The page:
The Hesperian Foundation has greatly expanded its activities since the days when it served mainly to support Project Piaxtla. With the experience of Project Piaxtla and the lessons learned from its efforts to promote cooperation between similar groups and programs in Central America, India, the Philippines, and elsewhere, the Hesperian Foundation has taken a leading role in the international rural self-care movement that Where There Is No Doctor helped to spark.

Every month the Hesperian Foundation ships thousands of books, including 2 new titles: Where There Is No Dentist by Murray Dickson and Two Ears Of Corn by Roland Bunch. Helping Health Workers Learn, first available in February 1982, is now in its fourth printing, and we are preparing a Spanish translation soon to be published in Mexico. Independent translations into Portuguese and Bengali are also in progress. 15 slide shows based on Helping Health Workers Learn were introduced in August 1982, and they too will soon be available in Spanish.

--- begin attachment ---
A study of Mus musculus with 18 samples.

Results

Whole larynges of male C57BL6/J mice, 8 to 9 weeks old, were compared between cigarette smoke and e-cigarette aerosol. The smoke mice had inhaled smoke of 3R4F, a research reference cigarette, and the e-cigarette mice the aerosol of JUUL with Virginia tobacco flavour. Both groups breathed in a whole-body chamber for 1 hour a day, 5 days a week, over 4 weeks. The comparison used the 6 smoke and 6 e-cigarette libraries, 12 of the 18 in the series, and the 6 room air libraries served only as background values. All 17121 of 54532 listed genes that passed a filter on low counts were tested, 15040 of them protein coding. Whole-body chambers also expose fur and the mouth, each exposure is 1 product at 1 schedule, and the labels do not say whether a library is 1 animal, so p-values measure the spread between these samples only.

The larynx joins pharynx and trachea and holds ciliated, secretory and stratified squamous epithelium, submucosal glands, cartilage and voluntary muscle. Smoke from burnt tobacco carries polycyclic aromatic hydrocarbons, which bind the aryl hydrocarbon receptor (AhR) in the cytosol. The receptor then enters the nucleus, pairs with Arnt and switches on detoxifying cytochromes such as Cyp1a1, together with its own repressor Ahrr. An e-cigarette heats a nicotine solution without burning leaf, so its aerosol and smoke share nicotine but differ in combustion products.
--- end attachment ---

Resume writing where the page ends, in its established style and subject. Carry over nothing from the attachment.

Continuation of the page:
At last count, there are 23 versions of Where There Is No Doctor in use in over 150 countries.

David Werner has spend much of the past year writing and illustrating a new book called Rehabilitation of Disabled Children in Rural Areas (a.k.a. Disabled Village Children), based on his experience with Project PROJIMO. Physical therapists are giving him valuable feedback and constructive criticism. Photocopies of the first, experimental draft are available for $10.00.

To cope with the tremendous expansion of our activities, we have had to rely on our most important resource—our friends. Our book distribution is carried out entirely by dedicated volunteers. Volunteers have also been important in another ongoing activity: care of severely disabled youngsters. Trude Bock coordinates the efforts of numerous foster familities, rehabilitation professionals, and volunteer helpers who have attended to 36 children over the last 12 months alone.

Our internal organization is evolving. We now have a paid staff of 6 full-time and part-time workers helping to produce books and run the foundation, which is still crammed into Trude’s Palo Alto home. Although we have grown, we remain a low-cost, informal organization.

Oppose U.S. Intervention

Many of the Central American health progreams we have worked with have come under attack by U.S. supported military governments. Health workers with whom we have worked in Nicaragua have reported great difficulties caused by the U.S.-backed anti-government insurgents. In the interests of health and social justice in Central America, we ask all of those who share our goal of a fairer, healthier society to take a stand in opposing U.S. intervention in Central America.